You would think wearing a nametag everyday would lose its charm quickly.
But after nearly twenty years, this simply social experiment has only grown more fun and more meaningful.
Like when the barista actually makes eye contact and greets me by name with her real smile on her face.
Or when a stranger on the hiking trail says hello, pats me on the shoulder and continues walking up the mountain in the opposite direction.
Still to this day, each of these moments allow me to see and feel seen. To experience a rush of joy and surprise and presence. And to create a real human connection that otherwise would not have existed.
It’s such a small and mundane thing, and for all I know, most people don’t even realize or even care about it at the time.
But it still matters. It still accumulates. Wearing a nametag enables me contribute to the compound interest of social capital our world sorely needs.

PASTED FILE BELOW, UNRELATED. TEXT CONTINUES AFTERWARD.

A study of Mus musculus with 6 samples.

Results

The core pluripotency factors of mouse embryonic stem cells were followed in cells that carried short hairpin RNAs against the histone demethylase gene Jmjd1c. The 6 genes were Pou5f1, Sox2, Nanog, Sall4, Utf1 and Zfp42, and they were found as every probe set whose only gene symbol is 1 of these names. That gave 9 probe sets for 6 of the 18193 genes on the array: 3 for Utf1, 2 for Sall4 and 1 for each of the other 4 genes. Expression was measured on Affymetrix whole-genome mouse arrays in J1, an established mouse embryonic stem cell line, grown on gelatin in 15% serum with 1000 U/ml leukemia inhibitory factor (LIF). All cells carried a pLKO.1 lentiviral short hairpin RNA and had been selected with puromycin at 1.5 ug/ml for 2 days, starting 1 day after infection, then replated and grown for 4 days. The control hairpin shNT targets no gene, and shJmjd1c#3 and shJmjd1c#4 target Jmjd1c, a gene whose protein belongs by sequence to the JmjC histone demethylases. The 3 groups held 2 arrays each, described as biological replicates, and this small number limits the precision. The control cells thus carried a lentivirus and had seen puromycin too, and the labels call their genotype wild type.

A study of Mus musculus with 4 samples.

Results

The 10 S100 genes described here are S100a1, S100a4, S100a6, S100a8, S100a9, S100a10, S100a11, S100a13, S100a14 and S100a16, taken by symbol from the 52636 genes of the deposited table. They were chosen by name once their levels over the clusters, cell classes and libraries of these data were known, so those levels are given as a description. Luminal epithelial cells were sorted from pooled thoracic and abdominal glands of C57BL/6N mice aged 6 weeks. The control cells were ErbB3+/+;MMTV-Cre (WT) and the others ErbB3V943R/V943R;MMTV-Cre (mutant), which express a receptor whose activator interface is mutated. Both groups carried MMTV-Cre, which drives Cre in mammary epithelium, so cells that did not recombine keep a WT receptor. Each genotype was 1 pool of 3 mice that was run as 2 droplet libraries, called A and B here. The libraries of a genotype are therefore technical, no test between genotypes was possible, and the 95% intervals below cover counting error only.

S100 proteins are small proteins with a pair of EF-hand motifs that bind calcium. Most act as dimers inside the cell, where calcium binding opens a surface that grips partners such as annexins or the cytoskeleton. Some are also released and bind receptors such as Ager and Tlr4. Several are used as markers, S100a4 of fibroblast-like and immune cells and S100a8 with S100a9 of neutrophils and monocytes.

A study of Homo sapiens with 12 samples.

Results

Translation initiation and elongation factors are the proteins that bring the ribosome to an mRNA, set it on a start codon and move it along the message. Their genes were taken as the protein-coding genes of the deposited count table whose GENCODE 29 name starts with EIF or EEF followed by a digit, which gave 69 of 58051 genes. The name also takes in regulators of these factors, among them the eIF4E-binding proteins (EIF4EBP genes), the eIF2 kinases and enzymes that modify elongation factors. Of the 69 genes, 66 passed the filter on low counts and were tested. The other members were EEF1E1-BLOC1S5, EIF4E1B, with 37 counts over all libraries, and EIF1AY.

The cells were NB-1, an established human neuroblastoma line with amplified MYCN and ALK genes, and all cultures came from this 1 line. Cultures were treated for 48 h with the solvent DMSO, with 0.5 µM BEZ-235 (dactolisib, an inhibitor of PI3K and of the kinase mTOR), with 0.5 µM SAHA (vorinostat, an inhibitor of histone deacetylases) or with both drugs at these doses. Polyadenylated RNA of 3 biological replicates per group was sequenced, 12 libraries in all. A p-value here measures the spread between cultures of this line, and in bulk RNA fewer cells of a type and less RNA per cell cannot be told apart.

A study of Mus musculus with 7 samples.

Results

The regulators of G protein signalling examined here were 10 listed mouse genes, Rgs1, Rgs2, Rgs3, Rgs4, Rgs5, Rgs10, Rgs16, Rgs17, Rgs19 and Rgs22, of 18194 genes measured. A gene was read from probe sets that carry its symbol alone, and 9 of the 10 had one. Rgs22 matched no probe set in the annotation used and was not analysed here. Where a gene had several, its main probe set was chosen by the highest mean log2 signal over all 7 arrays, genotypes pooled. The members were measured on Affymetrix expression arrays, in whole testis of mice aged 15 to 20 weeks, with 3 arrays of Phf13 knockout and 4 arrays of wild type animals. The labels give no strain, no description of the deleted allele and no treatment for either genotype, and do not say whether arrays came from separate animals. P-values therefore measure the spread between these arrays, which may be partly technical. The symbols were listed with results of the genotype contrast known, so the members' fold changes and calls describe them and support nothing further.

Becker’s research on the structure of evil puts it best:
Man must be built upon the basic human encounter, and that the self can only be developed in transacting with other selves.
And so, because we define the self in relationship to other people; because a person is a person solely because of the interconnectedness of the other persons around them; because when we see someone, what we are really doing in that moment is bringing them into existence, there is no reason to take this silly little sticker off.
LET ME ASK YA THIS…
How will you create acts of visibility in moments of anonymity?
Author. Speaker. Strategist. Inventor. Filmmaker. Publisher. Songwriter.